What Are White People Doing About The White Supremacy Threat?

By Rev. Paul Brandeis Raushenbush

Think globally, act locally has been a guiding philosophy of many movements and in our current technological moment, the local is immediately and vividly available globally.  The murder of 49 Muslim people in New Zealand brings this home as the shooter decided to livestream the horror he was perpetrating on Facebook for the world to see. The video was meant to be widely viewed and shared in order to embolden others guided by the same religio/political outlook in other places around the world.  We have seen this technique used by militant groups of all backgrounds, and we have taken these radical movements deadly seriously and put billions of dollars into combating them.

It is time for us to treat white supremacist terrorism as the global threat it is and to respond.  

It is time for us to treat white supremacist terrorism as the global threat it is and to respond.  

Over the past few years we have seen white supremacist attacks in Oak Creek, Wisconsin, Charleston, South Carolina, Quebec City, Canada, Otoya Island, Norway, Pittsburgh, PA and most recently ChristChurch, New Zealand. They are just a partial list of places white supremacists have murdered hundreds of people to further their radical ideology – and yet the response is still piecemeal, treating each incident as somehow an aberration rather than manifestations of an ideology with objectives and violent strategies to achieve them.

The global rise of white supremacy must be confronted by a concerted effort by governments and security forces, responding with urgency and resources. The fact that this is not completely clear is evidence of how deep white supremacist logic is embedded in many western countries, including America. It is up to each of us to insist that this threat be taken seriously with immediate action, and make clear that silence can only be understood as acquiescence.  

Yet white supremacy, like any other violent ideology cannot be defeated by security forces alone.  When ISIS became acknowledged as a global threat (that primarily targeting Muslims) there were a lot of questions thrown at the wider Muslim world about why they were not addressing radicalism within their community –  unfairly, and irresponsibly blaming every Muslim for any act of terror done by ISIS. Of course, Muslim groups around the world were responding, creating program after program to combat the radicalization of young people, and reaching out beyond their walls to create solidarity with other religious groups.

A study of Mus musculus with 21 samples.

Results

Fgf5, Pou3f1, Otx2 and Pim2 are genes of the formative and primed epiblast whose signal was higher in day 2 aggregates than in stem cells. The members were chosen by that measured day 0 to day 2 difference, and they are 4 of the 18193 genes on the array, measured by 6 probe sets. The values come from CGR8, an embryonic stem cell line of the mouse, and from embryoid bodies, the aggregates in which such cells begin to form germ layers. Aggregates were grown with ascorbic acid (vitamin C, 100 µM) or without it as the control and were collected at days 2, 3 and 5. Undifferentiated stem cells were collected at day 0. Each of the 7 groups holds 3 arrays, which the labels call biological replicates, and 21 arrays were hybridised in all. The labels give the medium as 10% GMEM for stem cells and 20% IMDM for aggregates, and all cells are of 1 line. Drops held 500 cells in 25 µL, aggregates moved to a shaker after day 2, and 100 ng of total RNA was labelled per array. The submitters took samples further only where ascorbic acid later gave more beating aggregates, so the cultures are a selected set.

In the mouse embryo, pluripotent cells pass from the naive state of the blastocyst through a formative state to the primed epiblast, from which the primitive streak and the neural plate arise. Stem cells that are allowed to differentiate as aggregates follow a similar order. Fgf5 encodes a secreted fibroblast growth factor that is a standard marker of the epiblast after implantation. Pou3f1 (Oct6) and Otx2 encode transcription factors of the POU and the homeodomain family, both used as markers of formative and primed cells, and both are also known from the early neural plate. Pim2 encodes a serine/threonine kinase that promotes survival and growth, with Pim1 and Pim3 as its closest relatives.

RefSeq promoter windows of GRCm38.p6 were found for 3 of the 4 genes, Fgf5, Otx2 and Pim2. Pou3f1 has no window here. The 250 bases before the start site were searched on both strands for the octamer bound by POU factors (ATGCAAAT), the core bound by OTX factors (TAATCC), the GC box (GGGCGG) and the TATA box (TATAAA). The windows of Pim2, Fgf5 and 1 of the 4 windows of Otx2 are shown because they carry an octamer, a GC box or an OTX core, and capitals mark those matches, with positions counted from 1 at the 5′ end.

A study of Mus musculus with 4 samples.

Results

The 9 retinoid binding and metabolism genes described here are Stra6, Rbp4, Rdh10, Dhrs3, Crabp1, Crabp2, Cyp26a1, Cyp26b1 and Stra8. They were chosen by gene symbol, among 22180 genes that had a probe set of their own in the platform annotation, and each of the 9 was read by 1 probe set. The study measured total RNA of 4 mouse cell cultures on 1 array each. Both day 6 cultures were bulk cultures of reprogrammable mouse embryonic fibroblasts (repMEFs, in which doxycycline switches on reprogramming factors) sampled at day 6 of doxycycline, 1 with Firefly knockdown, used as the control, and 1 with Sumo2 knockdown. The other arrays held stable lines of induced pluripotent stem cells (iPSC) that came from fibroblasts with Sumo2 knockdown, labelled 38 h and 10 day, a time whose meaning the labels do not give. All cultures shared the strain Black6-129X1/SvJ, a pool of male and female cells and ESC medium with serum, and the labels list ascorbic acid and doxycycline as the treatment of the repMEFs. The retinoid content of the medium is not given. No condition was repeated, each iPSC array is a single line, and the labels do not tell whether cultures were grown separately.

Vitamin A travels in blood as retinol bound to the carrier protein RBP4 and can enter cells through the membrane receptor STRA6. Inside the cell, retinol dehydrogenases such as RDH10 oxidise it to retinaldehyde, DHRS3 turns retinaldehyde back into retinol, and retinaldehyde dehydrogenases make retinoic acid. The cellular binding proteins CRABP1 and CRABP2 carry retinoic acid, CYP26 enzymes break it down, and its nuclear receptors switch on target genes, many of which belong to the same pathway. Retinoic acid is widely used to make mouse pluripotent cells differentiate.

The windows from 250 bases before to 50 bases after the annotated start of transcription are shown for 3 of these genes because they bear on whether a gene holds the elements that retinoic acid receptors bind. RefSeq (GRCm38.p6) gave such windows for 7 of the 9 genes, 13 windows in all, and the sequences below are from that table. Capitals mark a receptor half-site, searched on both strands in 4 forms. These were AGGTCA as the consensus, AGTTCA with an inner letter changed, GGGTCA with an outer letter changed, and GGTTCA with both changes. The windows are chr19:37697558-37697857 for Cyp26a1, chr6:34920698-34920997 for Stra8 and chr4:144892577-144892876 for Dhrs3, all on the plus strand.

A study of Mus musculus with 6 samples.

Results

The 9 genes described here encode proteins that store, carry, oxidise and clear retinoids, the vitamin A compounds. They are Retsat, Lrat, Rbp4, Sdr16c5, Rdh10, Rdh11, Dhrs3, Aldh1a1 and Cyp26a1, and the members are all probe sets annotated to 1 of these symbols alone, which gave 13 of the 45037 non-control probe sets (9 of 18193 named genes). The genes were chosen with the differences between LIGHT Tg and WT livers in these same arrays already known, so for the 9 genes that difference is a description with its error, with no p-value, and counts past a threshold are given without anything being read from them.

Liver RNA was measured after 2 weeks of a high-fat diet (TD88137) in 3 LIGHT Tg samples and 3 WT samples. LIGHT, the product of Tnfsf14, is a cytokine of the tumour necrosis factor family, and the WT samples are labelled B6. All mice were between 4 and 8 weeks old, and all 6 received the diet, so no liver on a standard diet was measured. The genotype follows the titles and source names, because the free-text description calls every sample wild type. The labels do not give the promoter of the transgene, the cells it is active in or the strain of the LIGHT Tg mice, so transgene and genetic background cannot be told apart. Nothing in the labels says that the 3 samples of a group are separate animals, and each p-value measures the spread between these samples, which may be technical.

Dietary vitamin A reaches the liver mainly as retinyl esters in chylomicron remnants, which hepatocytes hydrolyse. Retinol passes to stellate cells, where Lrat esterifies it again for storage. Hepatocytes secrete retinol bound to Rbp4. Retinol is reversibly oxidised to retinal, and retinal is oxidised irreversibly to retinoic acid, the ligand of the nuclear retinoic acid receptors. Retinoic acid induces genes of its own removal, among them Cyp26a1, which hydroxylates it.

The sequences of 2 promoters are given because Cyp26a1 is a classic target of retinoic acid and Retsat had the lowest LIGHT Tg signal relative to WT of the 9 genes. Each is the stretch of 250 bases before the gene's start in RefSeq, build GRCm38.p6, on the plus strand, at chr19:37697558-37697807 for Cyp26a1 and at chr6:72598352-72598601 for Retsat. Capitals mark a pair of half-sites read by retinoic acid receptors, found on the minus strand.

One has to ask, then, what is the response of white people to white supremacist attacks?  Will we accept responsibility for people who claim to be acting on our behalf for the protection of a culture and religion that we supposedly share

One has to ask, then, what is the response of white people to white supremacist attacks?  Will we accept responsibility for people who claim to be acting on our behalf for the protection of a culture and religion that we supposedly share. Muslims today, along with Jewish, Sikh and others would be completely justified in asking where these white people were being radicalized and what are the White Christian people of the world doing to stop it?

As a White, Protestant minister, I do feel a responsibility for what happened in a town called ChristChurch. I, and all of my white colleagues in the clergy must use our pulpits to take a stand and insist that this will not be done in our name ever again. Too often Christian identity is a used as a cloak for white supremacy, and we must name it as the blasphemy it is. I will use all of my resources and moral suasion to work against this vile and hateful ideology that purports to speak for me.  

Too often Christian identity is a used as a cloak for white supremacy, and we must name it as the blasphemy it is.

I am speaking to all white people now – will you join me? President Trump, I call upon you to renounce your explicit as well as tacit support for white supremacy as President of the country I love. Will we look carefully at the rhetoric coming from pundits and politicians who offer dog whistles across the world? Will we recognize how perniciously white supremacy  infects our judicial, educational, prison systems, and religious institutions?

What we do locally will have global significance. Speaking up and speaking out against white supremacy and for a world that values diversity, welcome, pluralism and equity has become all of our responsibilities. Lives are at stake. Our own collective future depends on it.

Paul Brandeis Raushenbush is Senior Vice President at Auburn Seminary and Editor of Voices

Auburn Senior Fellow Valarie Kaur and Auburn Seminary’s Groundswell, have started a campaign to send love and solidarity to the families.  Secondly, Auburn Senior Fellow Linda Sarsour is promoting a fundraising campaign to support the families here.